By Brijesh Patel
(Reuters) - Gold prices on Tuesday fell for a third straight day, as an uptick in the dollar dented the safe-haven metal's appeal, while investors awaited the U.S. Federal Reserve meeting for clues on the central bank's monetary policy outlook.
Spot gold was down 0.2% at $1,861.96 per ounce, as of 0224 GMT, after falling to its lowest since May 17 at $1,843.99 on Monday.
U.S. gold futures eased 0.1% to $1,863.10.
"The strengthening U.S. dollar is weighing on gold prices. Technically, gold has broken down a key support level and it seems to be entering into a bearish trend," said Margaret Yang, a strategist at DailyFX.
"There seems to be surging demand for the Fed's reverse repo facility, which suggests that liquid conditions in the market are ample. This means that the market is probably prepared to withstand a gradual scaling bag of Fed's asset purchasing."
The dollar strengthened 0.1% to hover close to a one-month high versus its rivals, making gold more expensive for other currency holders.
Investors await the Wednesday outcome of the Fed's two-day policy meeting. Nearly 60% of economists in a Reuters poll said a much-anticipated taper announcement will come in the next quarter, despite a patchy recovery in the job market.
Also on the radar, U.S. monthly retail sales data due later in the day.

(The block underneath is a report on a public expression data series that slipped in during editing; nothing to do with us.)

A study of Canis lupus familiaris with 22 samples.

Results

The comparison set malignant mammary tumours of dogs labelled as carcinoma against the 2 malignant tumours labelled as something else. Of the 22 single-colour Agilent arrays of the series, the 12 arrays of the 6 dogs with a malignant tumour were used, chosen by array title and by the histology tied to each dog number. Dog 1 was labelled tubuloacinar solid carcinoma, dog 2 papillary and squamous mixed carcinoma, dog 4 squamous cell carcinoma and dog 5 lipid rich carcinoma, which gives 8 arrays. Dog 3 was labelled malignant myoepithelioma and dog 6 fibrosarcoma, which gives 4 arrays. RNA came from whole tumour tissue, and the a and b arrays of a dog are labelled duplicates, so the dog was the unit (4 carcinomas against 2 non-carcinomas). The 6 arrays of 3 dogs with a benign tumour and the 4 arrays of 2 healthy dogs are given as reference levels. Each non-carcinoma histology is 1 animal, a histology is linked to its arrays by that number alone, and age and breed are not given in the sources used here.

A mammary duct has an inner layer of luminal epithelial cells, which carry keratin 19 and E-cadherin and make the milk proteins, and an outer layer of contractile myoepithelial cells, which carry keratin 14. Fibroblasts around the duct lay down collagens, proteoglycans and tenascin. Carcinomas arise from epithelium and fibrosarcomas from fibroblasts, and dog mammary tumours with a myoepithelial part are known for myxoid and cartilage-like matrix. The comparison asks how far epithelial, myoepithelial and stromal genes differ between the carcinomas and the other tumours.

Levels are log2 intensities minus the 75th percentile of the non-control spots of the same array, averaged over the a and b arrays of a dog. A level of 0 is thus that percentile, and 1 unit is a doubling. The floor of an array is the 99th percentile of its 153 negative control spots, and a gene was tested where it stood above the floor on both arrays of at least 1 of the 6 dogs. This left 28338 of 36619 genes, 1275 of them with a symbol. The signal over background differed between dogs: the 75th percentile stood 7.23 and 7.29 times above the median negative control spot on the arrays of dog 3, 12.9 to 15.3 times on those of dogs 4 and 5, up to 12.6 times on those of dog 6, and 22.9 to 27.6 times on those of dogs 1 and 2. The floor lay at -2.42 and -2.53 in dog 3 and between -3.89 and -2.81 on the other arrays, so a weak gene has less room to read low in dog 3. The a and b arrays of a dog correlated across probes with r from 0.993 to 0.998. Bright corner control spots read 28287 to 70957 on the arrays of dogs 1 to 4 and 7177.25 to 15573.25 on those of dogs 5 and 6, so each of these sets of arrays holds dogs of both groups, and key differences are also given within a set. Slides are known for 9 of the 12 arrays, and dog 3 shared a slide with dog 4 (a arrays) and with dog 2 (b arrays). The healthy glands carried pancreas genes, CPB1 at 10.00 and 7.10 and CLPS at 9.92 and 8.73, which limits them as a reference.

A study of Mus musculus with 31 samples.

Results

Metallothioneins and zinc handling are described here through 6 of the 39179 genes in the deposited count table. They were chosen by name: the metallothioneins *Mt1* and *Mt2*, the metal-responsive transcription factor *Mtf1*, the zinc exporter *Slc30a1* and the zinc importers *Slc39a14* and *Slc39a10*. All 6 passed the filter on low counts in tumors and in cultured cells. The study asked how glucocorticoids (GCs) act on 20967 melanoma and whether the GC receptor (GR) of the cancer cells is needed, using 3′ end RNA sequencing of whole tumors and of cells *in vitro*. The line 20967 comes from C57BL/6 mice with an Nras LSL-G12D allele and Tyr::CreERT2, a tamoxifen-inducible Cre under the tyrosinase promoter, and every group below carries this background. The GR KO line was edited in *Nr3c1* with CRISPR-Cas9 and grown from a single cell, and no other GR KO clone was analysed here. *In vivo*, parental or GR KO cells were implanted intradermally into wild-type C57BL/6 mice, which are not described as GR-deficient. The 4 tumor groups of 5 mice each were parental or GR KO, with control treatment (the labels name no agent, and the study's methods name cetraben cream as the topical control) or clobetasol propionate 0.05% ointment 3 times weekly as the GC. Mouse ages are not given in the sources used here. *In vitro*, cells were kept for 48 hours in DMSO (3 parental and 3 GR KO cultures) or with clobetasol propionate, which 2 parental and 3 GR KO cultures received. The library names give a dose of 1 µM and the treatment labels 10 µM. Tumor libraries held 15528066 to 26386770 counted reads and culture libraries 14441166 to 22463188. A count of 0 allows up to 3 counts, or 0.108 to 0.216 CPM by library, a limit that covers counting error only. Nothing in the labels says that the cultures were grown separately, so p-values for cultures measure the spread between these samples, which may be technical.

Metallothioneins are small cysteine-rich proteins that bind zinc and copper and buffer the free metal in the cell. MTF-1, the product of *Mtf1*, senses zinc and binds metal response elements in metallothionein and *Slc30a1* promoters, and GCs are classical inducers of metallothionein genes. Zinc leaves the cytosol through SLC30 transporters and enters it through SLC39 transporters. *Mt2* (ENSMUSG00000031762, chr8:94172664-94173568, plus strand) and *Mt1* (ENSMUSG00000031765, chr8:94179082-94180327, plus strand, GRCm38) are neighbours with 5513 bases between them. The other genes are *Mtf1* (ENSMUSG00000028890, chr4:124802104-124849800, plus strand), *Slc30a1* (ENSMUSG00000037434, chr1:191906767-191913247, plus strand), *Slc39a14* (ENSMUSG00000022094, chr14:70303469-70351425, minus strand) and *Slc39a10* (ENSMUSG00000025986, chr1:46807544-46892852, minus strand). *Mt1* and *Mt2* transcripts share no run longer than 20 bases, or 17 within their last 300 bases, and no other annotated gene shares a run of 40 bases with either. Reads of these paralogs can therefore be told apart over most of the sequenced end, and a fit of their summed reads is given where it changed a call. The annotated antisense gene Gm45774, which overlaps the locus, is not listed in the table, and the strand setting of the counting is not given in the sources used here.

Recent data showing a spike in U.S. consumer prices has benefited gold as it is seen as a hedge against inflation. But, growing inflationary pressure could also force policymakers into an earlier tapering of stimulus.
"Expectations are high that the Fed would not change the script of the minutes, but recent labour market improvements and higher inflation numbers do raise the risk that the Fed will be less dovish," Avtar Sandu, senior commodities manager at Phillip Futures, said in a note.
Elsewhere, silver dropped 0.7% to $27.64 per ounce, palladium was steady at $2,749.66, and platinum slipped 0.6% to $1,158.54.
(Reporting by Brijesh Patel in Bengaluru, Editing by Sherry Jacob-Phillips)
(Only the headline and picture of this report may have been reworked by the Business Standard staff; the rest of the content is auto-generated from a syndicated feed.)